The Handley Page Victor: The History and Development of a Classic Jet, Vol. 2
The Mark 2 and Comprehensive Appendices and Accident Analysis for all Marks
by Roger R. Brooks
This is the second of two volumes of Data Files covering the 86 Victors produced (of 500 once envisioned) to carry their nuclear payload higher, faster, further than any other aircraft and serve as Britain’s Cold War-era nuclear deterrent. Neither the first and certainly not this second volume are meant to be read cover to cover but to be consulted for reference and research.
Legendary American aircraft designer (P-51, F86, X-15, Apollo capsule etc.) Lee Attwood (d. 1999)—who upon shaking your hand liked to exclaim, “You just shook the hand that shook the hand of Wilbur Wright!”—late in his life looked over a Victor in great detail and pronounced it “very pretty but a total waste of time” and “well designed but useless aerodynamically!” This would not have sat well with Handley Page Ltd. whose motto was “Unassailable Aerodynamical Logic.” Be that as it may, it didn’t stop Andre Tempest, who wrote the Foreword to this book, from buying one when the RAF sold them for scrap in 1993. And he was only 25. And he’s not even a pilot. Which is just as well; since his K.2 Victor isn’t flyable he doesn’t have to care about aerodynamics. This proprietor of The Old Star Garage near Leeds just likes it, and other big toys: he’s been instrumental in the restoration of a Fairey Gannet, a Buccaneer, and Hurricane and Spitfire replicas at the Yorkshire Air Museum where XL231 Lusty Lindy is hangared these days. Every 28 days he and his team—among whom author Brooks—run up run the engines, and whenever they have enough money to burn (literally!) they entertain themselves by taxiing her down the runway at up to near take-off speed and then pop her enormous braking parachute. The Foreword says nothing about any of this—a lost opportunity to inspire readers outside the Victor community!
It is these self-styled “Victor Nuts” who will linger over every morsel in this second volume. Lesser mortals, who probably didn’t exactly consider vol. 1 bedtime reading, will slightly shudder at the vast amount of data presented here. The title referring to the appendices as “comprehensive” is no understatement: they make up 2/3 of the book!
Vol. 1 having exhaustively covered the Mk1, the first third of vol. 2 examines the Mk2 series, comparing it to the Mk2 iterations of the other two types—Valiant and Vulcan—that made up Britain’s V Force. Tactical and operational parameters and an overview of technical and production specs (bristling with charts, graphs, tables) precede a brief survey of the modifications that distinguish the variants. Each airframe’s development life is enumerated; this is just strings of dates and names of tests.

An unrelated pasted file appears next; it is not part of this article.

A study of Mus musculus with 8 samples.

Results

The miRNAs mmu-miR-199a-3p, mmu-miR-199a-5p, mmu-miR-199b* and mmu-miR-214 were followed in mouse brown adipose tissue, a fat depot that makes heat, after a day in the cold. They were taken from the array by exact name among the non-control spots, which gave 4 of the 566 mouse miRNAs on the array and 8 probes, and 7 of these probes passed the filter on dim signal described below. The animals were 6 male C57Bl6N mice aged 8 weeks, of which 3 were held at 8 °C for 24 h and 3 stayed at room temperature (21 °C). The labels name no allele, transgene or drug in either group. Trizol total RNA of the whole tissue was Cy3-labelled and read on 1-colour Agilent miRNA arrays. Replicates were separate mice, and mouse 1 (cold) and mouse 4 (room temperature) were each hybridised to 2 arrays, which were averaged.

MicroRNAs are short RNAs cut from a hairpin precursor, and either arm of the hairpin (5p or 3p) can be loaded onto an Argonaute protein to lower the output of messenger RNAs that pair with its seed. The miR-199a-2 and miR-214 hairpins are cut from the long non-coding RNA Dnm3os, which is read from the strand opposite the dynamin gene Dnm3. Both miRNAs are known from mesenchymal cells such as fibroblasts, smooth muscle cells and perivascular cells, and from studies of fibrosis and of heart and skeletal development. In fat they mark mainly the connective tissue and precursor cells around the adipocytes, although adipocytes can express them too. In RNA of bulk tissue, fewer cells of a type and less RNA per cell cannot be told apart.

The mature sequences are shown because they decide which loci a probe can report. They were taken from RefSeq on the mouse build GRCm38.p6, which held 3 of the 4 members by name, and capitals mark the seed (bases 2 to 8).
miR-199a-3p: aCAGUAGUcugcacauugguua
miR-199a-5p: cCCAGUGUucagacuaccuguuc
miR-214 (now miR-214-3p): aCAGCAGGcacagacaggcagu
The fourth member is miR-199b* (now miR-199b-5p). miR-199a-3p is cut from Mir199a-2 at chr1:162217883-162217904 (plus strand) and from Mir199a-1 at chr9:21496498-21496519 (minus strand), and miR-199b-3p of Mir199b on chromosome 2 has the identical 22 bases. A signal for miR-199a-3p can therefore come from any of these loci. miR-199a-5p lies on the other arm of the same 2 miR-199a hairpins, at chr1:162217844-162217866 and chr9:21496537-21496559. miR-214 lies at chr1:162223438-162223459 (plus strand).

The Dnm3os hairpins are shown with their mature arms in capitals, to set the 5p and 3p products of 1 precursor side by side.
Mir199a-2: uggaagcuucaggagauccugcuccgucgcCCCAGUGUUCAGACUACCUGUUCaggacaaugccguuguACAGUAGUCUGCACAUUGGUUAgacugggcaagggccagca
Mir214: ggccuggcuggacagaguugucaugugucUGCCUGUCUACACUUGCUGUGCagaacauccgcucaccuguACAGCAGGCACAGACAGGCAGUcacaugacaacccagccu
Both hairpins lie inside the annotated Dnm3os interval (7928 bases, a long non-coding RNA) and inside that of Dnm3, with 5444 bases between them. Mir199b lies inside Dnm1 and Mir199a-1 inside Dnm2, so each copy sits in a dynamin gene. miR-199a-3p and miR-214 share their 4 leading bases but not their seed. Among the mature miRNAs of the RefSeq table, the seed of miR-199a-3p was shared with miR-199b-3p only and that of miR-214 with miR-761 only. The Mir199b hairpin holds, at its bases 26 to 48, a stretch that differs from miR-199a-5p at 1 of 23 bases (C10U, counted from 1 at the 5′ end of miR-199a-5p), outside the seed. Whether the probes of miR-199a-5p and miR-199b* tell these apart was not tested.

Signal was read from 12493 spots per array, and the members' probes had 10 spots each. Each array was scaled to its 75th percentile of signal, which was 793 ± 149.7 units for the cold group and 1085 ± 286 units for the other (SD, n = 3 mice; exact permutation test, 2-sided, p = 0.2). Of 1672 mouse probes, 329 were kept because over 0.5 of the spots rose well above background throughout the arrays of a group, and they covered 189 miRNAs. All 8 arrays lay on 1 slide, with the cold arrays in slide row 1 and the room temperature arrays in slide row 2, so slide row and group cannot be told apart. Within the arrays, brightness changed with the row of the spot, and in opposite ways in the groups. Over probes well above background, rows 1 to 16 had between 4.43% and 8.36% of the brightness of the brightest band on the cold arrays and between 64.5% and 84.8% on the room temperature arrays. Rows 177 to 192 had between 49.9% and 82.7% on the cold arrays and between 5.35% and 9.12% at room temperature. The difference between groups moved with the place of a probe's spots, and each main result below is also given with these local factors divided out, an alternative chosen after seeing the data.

Every now and then a bit of narrative introduces a new chunk of data. All this is amply illustrated with technical drawings; photos of aircraft being built, flown or serviced; and ephemera such as fuel order cards and various certificates etc. Control panels are shown on photos and in drawings, both, however, too small to tell the uninitiated anything. This is even more true of the many technical drawings, but, again, the purpose of this book is not to use them as building blocks for any sort of “story” but to introduce such material into the record. To the aviation history- and engineering-minded reader, these sorts of things really are immensely important. Even the casual bystander will find a good deal of this relatable and certainly interesting—just skip the pages and pages of flight test data in microscopically small type and lists of modifications down to the last o-ring. Look instead for the always gripping accident reports or general-interest topics such as ejection seats, tanker operations, mission profiles and the like.
A 2-page list of abbreviations opens the book, 7 pages of 13 color profiles by artist David Windle (left and right side views) close it. Color photos are bundled into one 16-page section, including one of 1991 Gulf War nose art.
If you have only a passing interest in the Victor, this book is overkill. For anyone else it is manna from heaven. And if you think Andre Tempest and his band of brothers are on to something trying to restore and maintain Lusty Lindy, follow her progress on the Internet (good luck explaining that name in your browser history to your significant other)!
Copyright 2012, Sabu Advani (speedreaders.info).